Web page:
Mary and I have been doing some cleaning and sorting at our house, always fun to see what we have saved during the 48 years we have lived in our home. I decided it was time to sort through our cookbooks and other books we had in this one particular bookshelf, and what we found was interesting. I found three copies of a book “Early Days in Selma” by Langford Ryan (Tango) Johnston.
So the next few weeks I have decided to share a story from his book But, before I share the story, let me tell you a little about the author. Mr. Johnston was a long time member of the Selma Community and led a movement in 1947 to form the Selma Rodeo Association, with Lon Bennett, E.A. (Ted) Boyd, Jack Haley, Gene Arrants, Elmer Basye and Chester Shepard.
The Rodeo was started on McCall Avenue just south of Selma, and a 6,000-seat stadium was built and found much success. The rodeo was held there until 1949. With the popularity of motorcycle racing and car racing the site was a perfect transition to the next venture. The first motorcycle race was held October 23, 1949. Hard top racing soon followed and was popular; the Stadium became the Selma Speedway and operated until 1964. By 1977, the grandstands were demolished and the land was leveled for vineyards.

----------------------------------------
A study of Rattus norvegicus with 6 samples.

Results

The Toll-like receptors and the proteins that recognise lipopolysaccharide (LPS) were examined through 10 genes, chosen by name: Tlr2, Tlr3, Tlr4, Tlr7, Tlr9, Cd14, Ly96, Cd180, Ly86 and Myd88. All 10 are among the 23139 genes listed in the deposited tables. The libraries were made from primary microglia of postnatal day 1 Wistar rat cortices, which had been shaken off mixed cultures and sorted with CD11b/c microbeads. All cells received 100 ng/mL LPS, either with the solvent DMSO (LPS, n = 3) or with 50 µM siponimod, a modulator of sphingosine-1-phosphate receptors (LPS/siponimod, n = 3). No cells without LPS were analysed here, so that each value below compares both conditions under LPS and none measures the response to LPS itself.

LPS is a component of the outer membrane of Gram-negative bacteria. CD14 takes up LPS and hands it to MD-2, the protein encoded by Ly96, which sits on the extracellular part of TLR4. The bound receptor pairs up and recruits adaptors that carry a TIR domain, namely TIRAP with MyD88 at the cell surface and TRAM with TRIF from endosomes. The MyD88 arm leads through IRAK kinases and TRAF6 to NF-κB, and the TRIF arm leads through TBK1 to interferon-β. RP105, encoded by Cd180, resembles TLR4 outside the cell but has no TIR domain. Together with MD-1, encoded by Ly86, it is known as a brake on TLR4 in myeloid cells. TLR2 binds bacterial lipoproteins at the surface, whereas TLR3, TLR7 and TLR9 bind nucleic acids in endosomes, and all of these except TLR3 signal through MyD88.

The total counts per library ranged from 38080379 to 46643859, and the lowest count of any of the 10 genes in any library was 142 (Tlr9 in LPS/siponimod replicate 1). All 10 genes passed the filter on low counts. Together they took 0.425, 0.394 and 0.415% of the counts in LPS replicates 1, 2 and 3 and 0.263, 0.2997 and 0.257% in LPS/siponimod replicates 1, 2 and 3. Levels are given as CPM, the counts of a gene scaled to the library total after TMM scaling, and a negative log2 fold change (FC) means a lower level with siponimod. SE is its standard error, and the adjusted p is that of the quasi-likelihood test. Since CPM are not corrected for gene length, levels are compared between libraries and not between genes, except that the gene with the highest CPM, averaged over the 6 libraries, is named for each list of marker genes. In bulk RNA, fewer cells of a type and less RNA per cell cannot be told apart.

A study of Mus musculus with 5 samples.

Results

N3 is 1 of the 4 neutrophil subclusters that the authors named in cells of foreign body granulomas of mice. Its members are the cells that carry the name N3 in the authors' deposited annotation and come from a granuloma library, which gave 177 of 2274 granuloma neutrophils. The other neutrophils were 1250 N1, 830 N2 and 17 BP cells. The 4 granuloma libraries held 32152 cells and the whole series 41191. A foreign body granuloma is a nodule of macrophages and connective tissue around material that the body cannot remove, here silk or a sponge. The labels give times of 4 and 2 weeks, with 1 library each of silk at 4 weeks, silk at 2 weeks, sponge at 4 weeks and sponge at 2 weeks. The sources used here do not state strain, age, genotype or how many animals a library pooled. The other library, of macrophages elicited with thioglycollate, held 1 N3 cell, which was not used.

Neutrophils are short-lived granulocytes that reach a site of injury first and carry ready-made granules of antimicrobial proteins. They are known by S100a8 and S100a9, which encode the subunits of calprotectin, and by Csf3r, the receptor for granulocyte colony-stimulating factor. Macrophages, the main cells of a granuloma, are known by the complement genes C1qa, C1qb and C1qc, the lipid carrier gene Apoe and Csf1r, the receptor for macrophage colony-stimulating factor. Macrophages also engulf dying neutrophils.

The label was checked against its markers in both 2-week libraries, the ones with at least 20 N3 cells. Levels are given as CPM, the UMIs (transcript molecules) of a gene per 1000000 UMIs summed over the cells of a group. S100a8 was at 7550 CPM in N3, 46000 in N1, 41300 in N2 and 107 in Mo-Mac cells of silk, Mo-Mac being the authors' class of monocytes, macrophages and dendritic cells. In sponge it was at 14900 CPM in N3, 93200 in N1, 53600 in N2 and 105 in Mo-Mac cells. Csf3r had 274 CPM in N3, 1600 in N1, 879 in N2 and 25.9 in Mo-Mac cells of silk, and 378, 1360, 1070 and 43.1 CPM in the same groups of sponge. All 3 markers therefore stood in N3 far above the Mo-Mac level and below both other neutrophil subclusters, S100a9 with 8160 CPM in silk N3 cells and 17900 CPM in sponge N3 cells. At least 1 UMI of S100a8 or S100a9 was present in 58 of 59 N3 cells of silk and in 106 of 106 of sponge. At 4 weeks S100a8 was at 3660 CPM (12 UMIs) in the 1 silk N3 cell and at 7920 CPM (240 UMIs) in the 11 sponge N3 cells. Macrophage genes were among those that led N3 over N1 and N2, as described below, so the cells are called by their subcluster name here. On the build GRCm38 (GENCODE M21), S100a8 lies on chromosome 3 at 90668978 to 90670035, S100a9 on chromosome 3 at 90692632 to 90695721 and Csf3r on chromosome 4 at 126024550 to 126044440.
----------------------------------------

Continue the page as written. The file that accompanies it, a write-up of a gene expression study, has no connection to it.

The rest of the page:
Now for the first short story:
“The Railroad Came”
“The railroad from Fresno to Goshen was opened to traffic July 19, 1872. The railroad put in a spur where Selma now stands and built a section house. This section house is still standing in south Selma. It was the first building in what is now the town of Selma. After the railroad was built and the spur installed, a rancher could have machinery and supplies delivered to the spur in a box car, but even after the coming of the railroad the settlers still traveled to Stockton for supplies for many years.”
Thanks to Randy McFarland for sharing the history of Selma in his book “Centennial Selma” and to Langford Ryan Johnston for leaving us his early stories of Selma.